One of the most common agreements among people of widely differing backgrounds is they don't feel very satisfied in life. This cuts across all the usual demographics. The gnawing sense that "something" is missing afflicts most everyone, either chronically or at least on occasion.

One of the great themes of Scripture is how we might find a life of meaning. In fact, this is THE theme of scripture. The Bible really doesn't present us with a well-ordered or systematic theology in spite of our efforts to impose one on it. It's a story whose three main points are: Creation, The Breaking, and Redemption. The first two points happen in the earliest chapters of Genesis and reverberate throughout the rest of the Bible. The third point is the entire purpose of God. He is in the business of bring us back to the life He originally created us to have. He wants to make all things right, and Jesus Christ is His ultimate effort to do so.

The Gospel of John, of all the four gospels, seems especially focused on showing us how we can gain this life. Life, the very word, is a major theme of the gospel. Most interestingly for our purposes here is the fact that in John we find Jesus' words "I came that they might have life and have it abundantly" (10:10). He was not speaking of the quantity of life (i.e. we live forever), but the quality of life. God really wants us to LIVE! He wants us to experience joy (another theme in John).

The first few verses of John 15 present most clearly the means of attaining this joy. Jesus is the vine. He is the source, rooted in the eternal soil of God, that supplies every need we have. Our proper place is to be a branch that draws life from the vine. Thus, we abide in Him.

The problem arises when we try to be the vine itself, or abide in ourselves. I've often been in the position of trusting more in the gifts God gave me than in the God who gave them. I lived in my own strength, and the result was inevitably a hollowness which allowed me to have the appearance of life but inside I was spiritually exhausted.

The temptation is subtle. I never set out with fist shaking toward heaven, bent on being the master of my own destiny. No, the emptiness began slowly when I forgot that utter dependence on God is the way He created me to live. Little by little, and then suddenly, I pushed God to the periphery. I felt empty and unsure why. I had all of the theology, all the training, but I did not have the practice of dependence. I was not abiding in Christ.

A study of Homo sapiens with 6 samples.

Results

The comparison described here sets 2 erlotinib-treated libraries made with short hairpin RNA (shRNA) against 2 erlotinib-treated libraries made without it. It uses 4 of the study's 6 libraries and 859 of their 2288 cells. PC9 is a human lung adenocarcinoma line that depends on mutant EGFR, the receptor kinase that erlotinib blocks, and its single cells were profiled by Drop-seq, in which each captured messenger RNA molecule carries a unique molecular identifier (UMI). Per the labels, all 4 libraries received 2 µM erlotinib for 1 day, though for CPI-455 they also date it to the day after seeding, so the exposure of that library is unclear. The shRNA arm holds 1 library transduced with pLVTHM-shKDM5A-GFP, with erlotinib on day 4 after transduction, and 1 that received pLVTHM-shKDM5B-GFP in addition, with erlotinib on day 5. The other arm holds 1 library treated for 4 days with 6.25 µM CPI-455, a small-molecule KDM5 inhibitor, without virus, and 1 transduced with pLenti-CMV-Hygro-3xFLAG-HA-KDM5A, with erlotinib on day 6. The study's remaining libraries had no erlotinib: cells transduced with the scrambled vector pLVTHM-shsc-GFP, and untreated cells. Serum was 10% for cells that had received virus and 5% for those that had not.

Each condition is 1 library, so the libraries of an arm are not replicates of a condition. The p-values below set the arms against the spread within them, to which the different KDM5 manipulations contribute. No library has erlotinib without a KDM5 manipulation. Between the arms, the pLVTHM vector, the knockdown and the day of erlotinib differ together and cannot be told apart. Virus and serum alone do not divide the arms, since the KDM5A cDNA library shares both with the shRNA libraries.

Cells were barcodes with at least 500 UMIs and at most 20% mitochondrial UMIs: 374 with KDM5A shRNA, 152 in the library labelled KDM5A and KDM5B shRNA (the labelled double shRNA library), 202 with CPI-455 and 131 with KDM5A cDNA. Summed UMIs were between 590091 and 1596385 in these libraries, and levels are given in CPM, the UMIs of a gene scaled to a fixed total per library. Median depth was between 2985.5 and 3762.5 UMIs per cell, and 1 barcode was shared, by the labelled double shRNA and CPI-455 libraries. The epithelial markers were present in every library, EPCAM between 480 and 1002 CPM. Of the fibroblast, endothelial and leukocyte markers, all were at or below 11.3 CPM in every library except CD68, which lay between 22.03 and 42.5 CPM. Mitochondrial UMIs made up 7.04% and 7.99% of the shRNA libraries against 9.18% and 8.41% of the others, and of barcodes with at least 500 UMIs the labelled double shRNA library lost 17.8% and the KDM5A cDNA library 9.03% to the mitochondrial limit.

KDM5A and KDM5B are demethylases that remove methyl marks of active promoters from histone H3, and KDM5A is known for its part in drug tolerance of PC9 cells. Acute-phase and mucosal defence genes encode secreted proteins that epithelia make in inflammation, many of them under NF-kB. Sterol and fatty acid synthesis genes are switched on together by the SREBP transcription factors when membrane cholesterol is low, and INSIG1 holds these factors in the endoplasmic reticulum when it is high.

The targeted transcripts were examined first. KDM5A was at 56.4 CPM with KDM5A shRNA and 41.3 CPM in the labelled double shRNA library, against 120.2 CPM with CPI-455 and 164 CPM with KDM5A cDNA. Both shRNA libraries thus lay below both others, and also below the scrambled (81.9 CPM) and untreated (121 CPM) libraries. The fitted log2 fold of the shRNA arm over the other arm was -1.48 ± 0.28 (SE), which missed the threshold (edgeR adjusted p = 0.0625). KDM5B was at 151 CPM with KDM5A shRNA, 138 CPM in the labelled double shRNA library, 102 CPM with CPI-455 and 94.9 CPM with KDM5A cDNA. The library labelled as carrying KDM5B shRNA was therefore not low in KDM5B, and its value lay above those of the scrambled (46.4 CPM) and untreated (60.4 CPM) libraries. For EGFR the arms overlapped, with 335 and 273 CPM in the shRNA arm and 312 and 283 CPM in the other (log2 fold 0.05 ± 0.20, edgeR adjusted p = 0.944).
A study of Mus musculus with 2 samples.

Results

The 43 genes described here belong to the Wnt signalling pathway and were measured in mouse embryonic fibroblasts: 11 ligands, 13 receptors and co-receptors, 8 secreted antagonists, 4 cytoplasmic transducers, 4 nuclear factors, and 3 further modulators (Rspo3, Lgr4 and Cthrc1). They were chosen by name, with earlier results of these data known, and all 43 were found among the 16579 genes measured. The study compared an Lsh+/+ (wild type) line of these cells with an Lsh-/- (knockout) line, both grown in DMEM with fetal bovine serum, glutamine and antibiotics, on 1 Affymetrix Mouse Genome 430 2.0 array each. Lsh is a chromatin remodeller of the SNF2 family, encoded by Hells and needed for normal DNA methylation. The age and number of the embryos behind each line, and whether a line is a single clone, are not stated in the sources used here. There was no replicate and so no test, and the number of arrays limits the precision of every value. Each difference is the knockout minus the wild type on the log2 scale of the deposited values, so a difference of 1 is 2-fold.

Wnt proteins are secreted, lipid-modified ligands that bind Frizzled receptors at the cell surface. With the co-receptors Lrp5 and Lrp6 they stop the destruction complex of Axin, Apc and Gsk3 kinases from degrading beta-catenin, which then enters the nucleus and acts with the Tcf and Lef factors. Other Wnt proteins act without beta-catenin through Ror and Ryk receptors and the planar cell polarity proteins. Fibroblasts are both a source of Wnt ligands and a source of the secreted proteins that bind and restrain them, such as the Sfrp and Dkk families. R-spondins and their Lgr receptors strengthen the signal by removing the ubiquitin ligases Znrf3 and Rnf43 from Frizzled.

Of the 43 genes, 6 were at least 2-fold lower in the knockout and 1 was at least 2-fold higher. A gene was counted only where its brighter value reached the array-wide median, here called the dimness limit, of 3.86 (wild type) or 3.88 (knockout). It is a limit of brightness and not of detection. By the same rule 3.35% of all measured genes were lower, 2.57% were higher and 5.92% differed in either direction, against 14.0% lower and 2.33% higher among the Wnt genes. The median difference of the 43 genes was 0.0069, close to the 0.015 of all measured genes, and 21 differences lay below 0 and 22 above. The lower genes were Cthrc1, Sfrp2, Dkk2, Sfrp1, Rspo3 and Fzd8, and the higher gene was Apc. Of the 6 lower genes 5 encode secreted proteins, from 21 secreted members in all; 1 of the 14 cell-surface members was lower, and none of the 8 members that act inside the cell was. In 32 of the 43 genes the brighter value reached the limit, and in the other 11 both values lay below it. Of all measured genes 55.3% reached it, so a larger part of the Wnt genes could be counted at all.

It's not an unusual progression, or, should I say, decline. The fact is most of us live, or try to live, in our own strength. It is the ego's great deceit that we can make it on our own.

At some point, if we are fortunate, we come to the end of ourselves and recognize it. This is a necessary step in becoming the person God wants us to be. Almost always we arrive at this crisis through what Richard Rohr calls "necessary suffering." The self-willed life always leads to a self-defeated life. I wish there was another way, and perhaps there is, but I don't think so. Our humanity has a gravity to it that seems to always result in trusting ourselves before we come to a total trust in God. Though we could learn the lessons of Eden by reading the story carefully, we seem inevitably to reenact it. Only on scraped knees are we ready to say "Thy will, not mine, be done."

My "necessary suffering" was the rather intense period of alcoholism I went through, but the suffering actually predates the time I picked up that first glass of wine. I had lived in my own strength, trusted in my own abilities. I both gloried in and took the blame for the successes and failures around me. The glory and the blame, I can now see, are both expressions of disabling pride, but I could not see it at the time.

I was a twitching branch lying on the ground, separated from the life-giving vine. Still trying to recover the life I had seen previously, I soldiered on, preached on, and did some things with a measure of effeciveness. Then the sense of failure came on me, the darkness descended, and I drank to forget. Necessary suffering.

Early in recovery a friend gave me a book, and in the front he inscribed the words, "Be thankful to God for the gift of your alcoholism." Being early in recovery and still living with the very fresh memories of the damage I endured and inflicted, these words sounded truly ludicrous. Over the years, though, I see their truth. Only through my brokenness could I learn the absolute necessity of dependence on God, of abiding in Christ.

Now I certainly wouldn't recommend my path! I do, however, want you to look at your present unhappiness and see if it's the necessary suffering that brings you to the end of yourself and deposits you in a grateful heap at God's feet.

This surrender is not the obliteration of self. That fear is simply the howling complaints of a desperate ego. God can't take our hands until we unclench our fists. We can then trust Him to guide us and give us insight. We resist the urge to control and reject the roiling emotions when things don't go our way. Truly it is a much simpler, easier, and more powerful way to live.

A regular prayer of mine is "God give me grace." Whether I'm facing a challenge or blessing, I need God's grace to either endure and persevere or to see and enjoy fully a gift He has brought to me. In this way, I've discovered that being a branch is a wonderful way to live as long as I stay connected to the vine.


Dr. Terry Ellis

January 29, 2017

1 Comment
  1. Wow, powerful testimony!! Thank you, Terry for inspiring once again and always leading me to the Word, the Truth and the Life. God blessings to you, Leslie, all the loved ones.